Vanderbilt Research Could Redefine Alzheimer's Treatment
More than five million Americans are living with Alzheimer's disease, a diagnosis that kills more people yearly than breast and prostate cancers combined. Fortunately there's hope on the horizon, thanks to a number of studies and trials underway at Vanderbilt University Medical Center.
A potential new drug for Alzheimer's and schizophrenia developed by Vanderbilt University scientists was recently administered to the first volunteer at Vanderbilt Institute for Clinical and Translational Research. Animal studies suggest that the compound, a small molecule called VU319, may have potential for reducing memory impairments in brain disorders.
A Long Time Coming
Paul Newhouse, MD
"There's been an effort at Vanderbilt to develop new molecules for neuropsychiatric illnesses for several years," said Paul Newhouse, MD, director of the Vanderbilt Center for Cognitive Medicine.
The molecule was discovered several years ago at the Vanderbilt Center for Neuroscience Drug Discovery through a team of scientists led by center director Jeffrey Conn, PhD, and co-director Craig W. Lindsley, PhD.
"We realized this would be of particular interest for patients with Alzheimer's and began collaboration with Drs. Conn and Lindsley to try to move this drug from discovery into human trials," Newhouse said. "It's one thing to discover a new molecule and test it in rats, but it's another to get approval to put a new drug into humans."
The molecule received FDA approval for human trials November 2016 and began the first-in-human Phase 1 clinical trial in July. "This is a novel achievement because we're the first university to go from molecular discovery to testing in humans in the same university for a new potential Alzheimer's disease treatment," said Newhouse. Once a molecule is discovered, he explained, schools typically license it to a commercial entity to help defray development costs.
Enrollment is still open for the randomized double-blind, placebo-controlled study, which will be conducted in approximately 100 healthy adult volunteers over the next year. The single dose cohort, which concludes next spring, will help determine the compound's safety, tolerability and bioavailability when taken orally. Dosage will gradually be increased in participants until it reaches the highest level of exposure previously administered in animals.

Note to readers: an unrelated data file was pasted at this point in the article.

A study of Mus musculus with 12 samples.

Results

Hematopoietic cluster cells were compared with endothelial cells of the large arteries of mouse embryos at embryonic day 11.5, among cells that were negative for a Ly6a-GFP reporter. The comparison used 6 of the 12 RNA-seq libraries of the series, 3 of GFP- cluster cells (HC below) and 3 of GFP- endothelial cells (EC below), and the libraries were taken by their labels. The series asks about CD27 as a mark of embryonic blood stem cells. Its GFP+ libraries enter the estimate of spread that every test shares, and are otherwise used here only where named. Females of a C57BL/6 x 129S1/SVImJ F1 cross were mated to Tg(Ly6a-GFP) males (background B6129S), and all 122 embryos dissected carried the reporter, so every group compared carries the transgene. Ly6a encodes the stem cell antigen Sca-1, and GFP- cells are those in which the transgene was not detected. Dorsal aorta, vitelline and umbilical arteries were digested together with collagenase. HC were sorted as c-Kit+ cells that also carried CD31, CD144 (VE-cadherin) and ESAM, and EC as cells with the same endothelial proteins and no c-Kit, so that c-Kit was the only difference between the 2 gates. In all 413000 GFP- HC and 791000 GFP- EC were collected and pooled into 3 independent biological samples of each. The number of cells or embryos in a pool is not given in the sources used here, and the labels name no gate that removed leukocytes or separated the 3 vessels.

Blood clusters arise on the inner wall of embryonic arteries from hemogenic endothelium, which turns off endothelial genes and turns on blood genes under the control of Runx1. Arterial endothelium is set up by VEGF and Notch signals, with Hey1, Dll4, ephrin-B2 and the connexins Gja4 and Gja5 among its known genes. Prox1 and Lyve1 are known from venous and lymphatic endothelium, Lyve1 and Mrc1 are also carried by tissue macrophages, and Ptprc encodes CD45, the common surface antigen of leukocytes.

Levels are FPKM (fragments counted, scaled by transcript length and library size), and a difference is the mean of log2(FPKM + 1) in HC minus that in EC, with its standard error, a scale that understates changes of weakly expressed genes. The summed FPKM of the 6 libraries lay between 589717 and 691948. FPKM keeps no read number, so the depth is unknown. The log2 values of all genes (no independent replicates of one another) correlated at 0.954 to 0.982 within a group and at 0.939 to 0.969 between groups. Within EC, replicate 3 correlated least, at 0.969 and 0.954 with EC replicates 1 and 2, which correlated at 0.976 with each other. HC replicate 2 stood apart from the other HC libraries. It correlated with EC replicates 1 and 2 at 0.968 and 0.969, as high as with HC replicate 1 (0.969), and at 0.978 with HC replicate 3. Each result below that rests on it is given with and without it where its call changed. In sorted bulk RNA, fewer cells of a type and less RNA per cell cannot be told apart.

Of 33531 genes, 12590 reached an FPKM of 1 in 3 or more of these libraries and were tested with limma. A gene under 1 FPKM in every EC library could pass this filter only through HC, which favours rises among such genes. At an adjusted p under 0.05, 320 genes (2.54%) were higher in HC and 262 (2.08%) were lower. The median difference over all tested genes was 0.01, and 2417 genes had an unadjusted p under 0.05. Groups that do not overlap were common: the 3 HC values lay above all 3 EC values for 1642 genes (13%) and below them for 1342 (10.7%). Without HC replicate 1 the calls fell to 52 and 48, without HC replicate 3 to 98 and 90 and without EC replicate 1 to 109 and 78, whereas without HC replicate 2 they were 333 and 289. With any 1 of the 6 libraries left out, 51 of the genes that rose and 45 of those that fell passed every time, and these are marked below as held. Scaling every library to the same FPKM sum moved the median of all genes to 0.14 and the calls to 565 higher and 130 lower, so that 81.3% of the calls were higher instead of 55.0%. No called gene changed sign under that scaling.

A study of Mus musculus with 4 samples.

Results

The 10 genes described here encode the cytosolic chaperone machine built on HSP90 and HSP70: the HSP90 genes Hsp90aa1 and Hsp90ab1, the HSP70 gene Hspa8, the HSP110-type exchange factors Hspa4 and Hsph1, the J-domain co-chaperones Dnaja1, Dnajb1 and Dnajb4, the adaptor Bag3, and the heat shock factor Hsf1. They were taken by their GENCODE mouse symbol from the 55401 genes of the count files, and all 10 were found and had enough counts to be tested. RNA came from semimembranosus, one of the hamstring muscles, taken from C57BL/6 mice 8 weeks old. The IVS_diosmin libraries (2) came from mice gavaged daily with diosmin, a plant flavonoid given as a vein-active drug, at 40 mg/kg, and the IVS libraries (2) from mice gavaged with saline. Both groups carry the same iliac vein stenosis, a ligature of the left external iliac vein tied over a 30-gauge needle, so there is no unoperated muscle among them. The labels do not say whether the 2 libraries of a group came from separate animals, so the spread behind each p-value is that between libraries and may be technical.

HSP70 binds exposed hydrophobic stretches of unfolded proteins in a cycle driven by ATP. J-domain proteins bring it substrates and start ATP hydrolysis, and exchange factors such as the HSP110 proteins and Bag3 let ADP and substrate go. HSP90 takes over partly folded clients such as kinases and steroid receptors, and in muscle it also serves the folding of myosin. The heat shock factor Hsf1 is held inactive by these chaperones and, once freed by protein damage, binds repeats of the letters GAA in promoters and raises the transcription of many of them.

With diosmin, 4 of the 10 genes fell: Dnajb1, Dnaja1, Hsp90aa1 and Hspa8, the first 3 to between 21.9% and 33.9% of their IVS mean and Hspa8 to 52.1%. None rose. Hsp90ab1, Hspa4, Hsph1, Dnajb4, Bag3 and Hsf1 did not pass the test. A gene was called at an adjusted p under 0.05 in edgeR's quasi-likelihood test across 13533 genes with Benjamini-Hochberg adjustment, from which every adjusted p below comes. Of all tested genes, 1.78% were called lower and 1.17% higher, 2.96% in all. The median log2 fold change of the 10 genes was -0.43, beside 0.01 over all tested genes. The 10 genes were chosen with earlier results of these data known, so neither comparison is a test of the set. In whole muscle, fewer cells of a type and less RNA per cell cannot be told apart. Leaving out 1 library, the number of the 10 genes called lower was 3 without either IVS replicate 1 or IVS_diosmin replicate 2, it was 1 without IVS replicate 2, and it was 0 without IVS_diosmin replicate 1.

Trial participants undergo testing for brain effects using sophisticated computerized cognitive testing and EEG. While the molecule isn't a cure for Alzheimer's, it's expected to enhance attention, memory and learning earlier than ever.
"We've known for years that a certain chemical system is deficient in patients with Alzheimer's so medications typically try to enhance that indirectly," said Newhouse. The new molecule attempts to directly stimulate that system in a way that's never been done and could be used independently or as a complimentary therapy. Newhouse also believes it could be administered at the onset of symptoms to help slow progression of the disease.
Alzheimer's Treatment Past & Present
Historically, innovation in Alzheimer's therapies has been remarkably slow, with a failure rate of over 99 percent. In fact, the last FDA approved Alzheimer's drug was introduced some 15 years ago.
"There's still a lot we don't know about Alzheimer's, and that's disconcerting to us," said Newhouse. "We thought we understood the biology, but it's more complex than we thought."
That's because the predominant theory of what's causing the illness might be true ... but changing those proteins doesn't necessarily alter symptoms. Still, researchers are hopeful about the molecule's cognitive benefits due to promising evidence from preclinical studies.
VU319 isn't the only potential game-changer coming out of Vanderbilt. "We're doing a lot here in terms of clinical trials in Alzheimer's patients with new therapies, including collaborating with pharmaceutical companies," he said. "We're focused on early stage, as well as prevention."
Newhouse also is the national lead investigator for a 27-site study through the National Institute on Aging. The Memory Improvement Through Nicotine Dosing study uses transdermal nicotine patches to enhance early memory loss. The MIND study is a collaboration between Vanderbilt and the University of Southern California's Alzheimer's Therapeutic Research Institute.
Another NIA study, the Alzheimer's Disease Neuroimaging Initiative, looks at history, biomarkers and symptoms to better distinguish between dementia and Alzheimer's. Participants receive specialized scans and spinal fluid analysis not available to the general public.
"Not every dementia is Alzheimer's, and it's important for any family to make sure they get an accurate diagnosis," Newhouse said. "Seniors are living longer, and brain health is becoming ever more critical. The sad reality is that the percentage of patients diagnosed is increasing, although it's better recognized than it used to be."
Protecting the Brain
Newhouse also wants to dispel common myths related to aging. "There's a belief that as you get older memory inevitably becomes worse, but that's not true," Newhouse said. "The brain is not immune to age-related changes, but brain function overall should not decline." To that end, lifestyle choices are now recognized as an increasingly important aspect of protecting brain function during aging.
"There's no question that paying attention to lifestyle will make a significant dent in dementia outcomes," Newhouse said. "We can't prevent it, but we know we can do a lot to reduce risk; and we're beginning to think about ways we can help younger and middle age people reduce their risk earlier in life. Identifying those at increased risk is something I'm quite passionate about, and it's being seen as a new approach to treating this disease."